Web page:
By Koh Wanzi - 8 Mar 2018

ThinkPad X1 Carbon

Meet 2018’s ThinkPad X1 family

ThinkPad X1 Carbon

Updated on 8 March 2018: Added details on local price and availability.

Originally published on 10 January 2018:

Lenovo just took the wraps off its ThinkPad X1 devices at CES 2018, and my first impression was of new notebooks that came with several quality-of-life upgrades and a couple of big changes, while still managing to stick to a much-loved design ethos.

In addition to the faster Intel 8th-generation processors, they also now feature microSIM card slots and eSIM technology, so you’ll be able to stay connected all the time.  

I’ve since managed to spend more time with the devices, and here’s a bit more detail on the new ThinkPad X1 Carbon, X1 Yoga, and the revamped X1 Tablet.


ThinkPad X1 Carbon

The new X1 Carbon looks very similar to its predecessor, but there’s just one big difference – it now has a display that supports Dolby Vision HDR technology. This is a first for a laptop, and together with the X1 Yoga, it is the only laptop you can buy now that has this feature.

Lenovo ThinkPad X1 Carbon

I’ll be talking more about the X1 Carbon’s screen here, but my impressions apply to the X1 Yoga as well. In short, the screen is gorgeous. It’s something that needs to be seen in person, because pictures don’t quite do justice do it.

With deep blacks, rich colors, and a wider color range, the 14-inch IPS display is a huge step up from any laptop. This comes across in the smallest things. For instance, when set beside an X1 Tablet with a non-HDR display, the blues in the water on the X1 Carbon had noticeably gentler and more subtle gradients. 

It also offers 100 per cent coverage of the AdobeRGB color space, so it’s a great option for professionals who work with photos and videos.

You’re probably surprised that this was achieved without an OLED display, especially considering that that was offered on the X1 Yoga (Gen 2). But while the current screen may not be as eye-popping as a true OLED display, Lenovo says it’s learnt from experience that OLED displays aren’t actually the best for laptops, partly because of higher power consumption.

Lenovo ThinkPad X1 Carbon

The LTPS (Low Temperature PolySilicon) display Lenovo uses has a peak brightness of 500 nits, significantly brighter than most notebook screens. It also achieved this without requiring trade-offs in terms of battery life, slimness, or bezel size, which is pretty impressive.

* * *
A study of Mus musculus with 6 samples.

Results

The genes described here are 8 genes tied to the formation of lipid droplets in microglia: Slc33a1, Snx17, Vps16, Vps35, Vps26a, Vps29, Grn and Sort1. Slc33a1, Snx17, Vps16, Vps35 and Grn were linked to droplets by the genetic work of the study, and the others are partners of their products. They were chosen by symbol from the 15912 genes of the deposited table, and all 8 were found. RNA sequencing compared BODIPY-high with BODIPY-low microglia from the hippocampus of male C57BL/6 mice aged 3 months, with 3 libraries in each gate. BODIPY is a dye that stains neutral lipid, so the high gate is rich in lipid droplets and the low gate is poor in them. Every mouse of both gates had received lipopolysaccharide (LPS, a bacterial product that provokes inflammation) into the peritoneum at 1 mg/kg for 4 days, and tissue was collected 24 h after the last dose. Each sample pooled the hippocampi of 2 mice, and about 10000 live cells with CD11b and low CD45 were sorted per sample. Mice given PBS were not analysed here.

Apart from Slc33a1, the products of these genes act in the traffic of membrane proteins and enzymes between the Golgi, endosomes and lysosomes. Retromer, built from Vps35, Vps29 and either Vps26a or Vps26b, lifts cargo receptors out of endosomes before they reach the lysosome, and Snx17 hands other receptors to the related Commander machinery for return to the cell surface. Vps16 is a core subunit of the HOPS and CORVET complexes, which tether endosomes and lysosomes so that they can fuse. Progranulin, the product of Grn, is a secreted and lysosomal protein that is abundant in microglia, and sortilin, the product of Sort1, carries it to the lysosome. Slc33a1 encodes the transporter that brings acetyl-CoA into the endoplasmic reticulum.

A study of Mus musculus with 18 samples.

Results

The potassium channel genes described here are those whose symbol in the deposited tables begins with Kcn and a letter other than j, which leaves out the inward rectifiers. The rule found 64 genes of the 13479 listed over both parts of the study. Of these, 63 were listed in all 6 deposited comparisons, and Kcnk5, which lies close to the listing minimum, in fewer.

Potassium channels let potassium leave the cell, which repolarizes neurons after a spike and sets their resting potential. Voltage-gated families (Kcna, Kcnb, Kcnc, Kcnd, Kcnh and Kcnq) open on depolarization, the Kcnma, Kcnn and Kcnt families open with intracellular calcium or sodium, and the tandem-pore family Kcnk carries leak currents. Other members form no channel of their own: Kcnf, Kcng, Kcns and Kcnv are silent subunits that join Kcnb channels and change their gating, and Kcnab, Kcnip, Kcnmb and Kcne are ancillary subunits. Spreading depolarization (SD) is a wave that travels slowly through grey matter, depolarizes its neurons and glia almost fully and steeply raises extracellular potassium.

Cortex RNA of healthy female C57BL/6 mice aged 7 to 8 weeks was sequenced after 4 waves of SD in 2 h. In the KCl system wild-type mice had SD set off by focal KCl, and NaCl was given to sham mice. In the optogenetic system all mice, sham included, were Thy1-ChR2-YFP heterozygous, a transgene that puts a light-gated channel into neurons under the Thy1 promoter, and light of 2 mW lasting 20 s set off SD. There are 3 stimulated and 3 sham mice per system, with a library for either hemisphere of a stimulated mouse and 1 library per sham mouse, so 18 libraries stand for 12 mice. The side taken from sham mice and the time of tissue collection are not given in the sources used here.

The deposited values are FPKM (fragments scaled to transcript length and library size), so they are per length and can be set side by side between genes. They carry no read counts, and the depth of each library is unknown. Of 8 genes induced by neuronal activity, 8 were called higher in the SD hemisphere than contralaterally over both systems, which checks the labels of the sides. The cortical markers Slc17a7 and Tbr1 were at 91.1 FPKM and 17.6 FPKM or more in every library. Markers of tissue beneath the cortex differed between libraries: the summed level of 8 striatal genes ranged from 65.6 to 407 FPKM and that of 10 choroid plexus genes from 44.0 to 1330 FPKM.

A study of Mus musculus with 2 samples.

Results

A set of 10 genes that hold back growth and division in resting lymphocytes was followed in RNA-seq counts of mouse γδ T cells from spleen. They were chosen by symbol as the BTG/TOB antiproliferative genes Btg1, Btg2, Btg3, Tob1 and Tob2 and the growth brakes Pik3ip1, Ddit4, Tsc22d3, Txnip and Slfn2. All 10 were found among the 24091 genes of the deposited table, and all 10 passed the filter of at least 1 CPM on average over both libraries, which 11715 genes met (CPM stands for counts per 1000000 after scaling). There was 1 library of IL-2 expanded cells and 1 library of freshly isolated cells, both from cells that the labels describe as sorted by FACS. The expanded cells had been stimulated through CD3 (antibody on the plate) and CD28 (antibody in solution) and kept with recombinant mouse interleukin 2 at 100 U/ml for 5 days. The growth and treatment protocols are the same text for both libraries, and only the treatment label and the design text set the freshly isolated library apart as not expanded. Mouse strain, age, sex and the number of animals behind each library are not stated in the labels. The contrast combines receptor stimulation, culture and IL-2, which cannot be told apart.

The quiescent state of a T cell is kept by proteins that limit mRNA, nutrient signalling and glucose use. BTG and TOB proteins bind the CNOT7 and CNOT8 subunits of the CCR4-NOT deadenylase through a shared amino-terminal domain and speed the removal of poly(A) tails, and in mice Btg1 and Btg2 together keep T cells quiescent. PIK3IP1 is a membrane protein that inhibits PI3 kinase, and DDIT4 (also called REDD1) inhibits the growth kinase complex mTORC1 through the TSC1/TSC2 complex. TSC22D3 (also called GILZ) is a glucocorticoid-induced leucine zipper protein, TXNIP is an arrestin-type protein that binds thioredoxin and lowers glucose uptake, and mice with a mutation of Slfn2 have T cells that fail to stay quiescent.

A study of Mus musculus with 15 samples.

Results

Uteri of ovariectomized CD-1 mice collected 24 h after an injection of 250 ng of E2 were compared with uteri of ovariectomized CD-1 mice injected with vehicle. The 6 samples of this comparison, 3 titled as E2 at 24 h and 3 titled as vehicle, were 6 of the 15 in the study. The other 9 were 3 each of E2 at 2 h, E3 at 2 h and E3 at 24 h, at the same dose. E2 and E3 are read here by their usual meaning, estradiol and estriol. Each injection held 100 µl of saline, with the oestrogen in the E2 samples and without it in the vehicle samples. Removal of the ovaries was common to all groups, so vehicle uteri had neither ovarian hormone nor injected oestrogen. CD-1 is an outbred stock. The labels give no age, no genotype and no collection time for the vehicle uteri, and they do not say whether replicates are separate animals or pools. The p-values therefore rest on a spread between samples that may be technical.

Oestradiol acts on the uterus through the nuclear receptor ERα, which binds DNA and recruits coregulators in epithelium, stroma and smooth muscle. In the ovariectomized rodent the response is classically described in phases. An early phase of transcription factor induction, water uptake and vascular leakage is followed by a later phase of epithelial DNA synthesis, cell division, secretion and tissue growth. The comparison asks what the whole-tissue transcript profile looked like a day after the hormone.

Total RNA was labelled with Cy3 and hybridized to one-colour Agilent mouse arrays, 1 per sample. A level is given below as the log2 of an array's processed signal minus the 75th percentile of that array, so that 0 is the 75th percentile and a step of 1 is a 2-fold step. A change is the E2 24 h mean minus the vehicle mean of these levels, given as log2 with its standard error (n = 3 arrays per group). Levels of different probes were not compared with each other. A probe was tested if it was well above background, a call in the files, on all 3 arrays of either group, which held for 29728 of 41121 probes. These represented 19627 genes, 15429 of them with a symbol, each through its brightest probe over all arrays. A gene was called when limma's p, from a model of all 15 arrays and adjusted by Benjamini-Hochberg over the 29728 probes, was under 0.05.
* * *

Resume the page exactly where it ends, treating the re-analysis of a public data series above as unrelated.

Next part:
The HDR model features a crisp 2,560 x 1,440-pixel resolution, but there’s also a lower resolution FHD option available without HDR. You can configure the laptop to have a touchscreen as well, unless you want to spring for the HDR version which doesn't support touch.

The laptop feels blissfully light at 1.13kg, and while it isn’t quite at the bleeding-edge of thin designs at 15.95mm thick, I found little to complain about. Design-wise, the 2018 model also sports a new soft-feel matte cover that feels quite a bit better than before.

One thing I really like is the use of one of the two Thunderbolt 3 ports for charging. Lenovo now uses a USB-C charging port for all its 2018 ThinkPads, and I can’t see anyone missing the proprietary charging port.

Lenovo ThinkPad X1 Carbon

You’ll also find two other USB 3.0 ports, a headphone and microphone combo jack, one full-sized HDMI port, and a 4-in-1 microSD card reader at the back. The lack of an SD card slot is a pretty glaring omission on a notebook that lends itself so well to photo and video editing, and it’s really a pity that Lenovo didn’t include one.

Lenovo ThinkPad X1 Carbon

Lenovo ThinkPad X1 Carbon

Another nifty feature is the new docking connector, which features a clever self-leveling mechanism that supports multiple system sizes at different docking angles. This enables a single docking interface across multiple products, and supposedly lets Lenovo create even thinner systems.

2018’s ThinkPad X1 Carbon comes with dual 360-degree far-field microphones as well, so it can pick up your voice from up to 4m away. If you don’t like Cortana, Lenovo will offer the Amazon Alexa app for PCs by the end of January, so you can talk to Alexa instead.

Lenovo ThinkPad X1 Carbon

In addition, RapidCharge has been brought to the X1 family, which allows you to get to 80 per cent charge in 60 minutes using the 65W AC adapter. Lenovo is also claiming up to 15 hours of battery life on its 57Wh battery, but I’ll have to test this out for myself.

You can get the X1 Carbon with Windows 10 Pro (64-bit) and equip it with up to an 8th-generation Intel Core i7 vPro processor, 16GB of LPDDR3 2,133MHz RAM, and a 1TB PCIe SSD. It starts at S$2,999, and will be available to buy here come 18 March.